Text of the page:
Monday, April 28, 2008

Mad, Bad, and Sad: Women and the Mind Doctors

It's always amazing to me to see all the connections that happen in my reading. I've just read and reviewed Transformations by Anne Sexton, which is a poetry collection in which she transforms seventeen Grimm's fairy tales. A little reading about Sexton's life reveals a talented but troubled woman. She eventually committed suicide in 1974. Before that, I read Speaking of Love by Angela Young, which deals with another form of mental illness, schizophrenia. Now I come across this review of Lisa Appignanesi's nonfiction book, which deals with the fact that many women in the past have been diagnosed with mental illness for simply being nonconformist. I love the following quote.

"It seems that as soon as society relinquished witchcraft as the crime for which to punish an overtly liberated woman, it settled on madness as the reason to incarcerate her. As Appignanesi observes, “Patients could well find themselves the victims of a doctor’s prejudice about what kind of behavior constituted sanity: this could all too easily work against women who didn’t conform to the time’s norms of sexual behavior or living habits.”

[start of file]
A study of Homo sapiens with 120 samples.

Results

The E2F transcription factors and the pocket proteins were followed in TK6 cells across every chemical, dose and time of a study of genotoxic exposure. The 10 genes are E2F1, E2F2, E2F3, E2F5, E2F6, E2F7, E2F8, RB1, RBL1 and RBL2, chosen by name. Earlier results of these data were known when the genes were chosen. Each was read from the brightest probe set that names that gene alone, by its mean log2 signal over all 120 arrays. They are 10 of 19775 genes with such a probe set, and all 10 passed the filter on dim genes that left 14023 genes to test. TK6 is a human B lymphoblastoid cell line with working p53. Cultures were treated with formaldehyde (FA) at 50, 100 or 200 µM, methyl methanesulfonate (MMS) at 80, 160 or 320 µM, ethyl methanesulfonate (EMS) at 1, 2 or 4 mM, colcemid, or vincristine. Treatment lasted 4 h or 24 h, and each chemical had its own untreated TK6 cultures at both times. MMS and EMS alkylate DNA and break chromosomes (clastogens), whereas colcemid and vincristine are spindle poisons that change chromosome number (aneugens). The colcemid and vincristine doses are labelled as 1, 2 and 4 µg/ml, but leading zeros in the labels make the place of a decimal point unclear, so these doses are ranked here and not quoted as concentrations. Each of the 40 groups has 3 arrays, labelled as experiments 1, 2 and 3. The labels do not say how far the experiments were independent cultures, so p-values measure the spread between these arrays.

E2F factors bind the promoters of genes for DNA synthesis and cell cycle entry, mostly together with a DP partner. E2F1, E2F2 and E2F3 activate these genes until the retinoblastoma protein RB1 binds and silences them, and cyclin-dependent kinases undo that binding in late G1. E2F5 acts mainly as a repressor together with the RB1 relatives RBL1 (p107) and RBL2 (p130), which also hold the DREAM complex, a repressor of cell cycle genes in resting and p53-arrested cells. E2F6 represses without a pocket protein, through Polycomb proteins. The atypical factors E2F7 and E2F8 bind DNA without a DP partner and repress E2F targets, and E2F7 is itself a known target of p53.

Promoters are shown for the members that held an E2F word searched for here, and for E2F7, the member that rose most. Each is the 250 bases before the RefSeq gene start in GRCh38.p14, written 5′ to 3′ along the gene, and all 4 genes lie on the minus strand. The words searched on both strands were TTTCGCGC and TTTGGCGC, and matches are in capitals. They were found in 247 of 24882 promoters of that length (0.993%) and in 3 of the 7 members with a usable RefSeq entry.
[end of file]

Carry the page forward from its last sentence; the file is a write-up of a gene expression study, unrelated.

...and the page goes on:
So in the span of a couple weeks, I've read a poetry collection, a debut novel and read a review of a nonfiction book that all deal with women and mental illness in one form or another. That's one of the reasons that I love reading -- you just never know where books will take you.


Andi said...

This type of circular weirdness happens to me, too. It's sort of creepy but wonderful, too!

Lisa said...

andi, it is sort of creepy, especially in this case. All these connections regarding mental illness -- is someone trying to tell me something??

Iliana said...

I love it when one book sort of blends into another.

Lisa said...

iliana, it's great isn't it? It's been happening to me more and more lately. I'm not sure what's going on, but it's fun.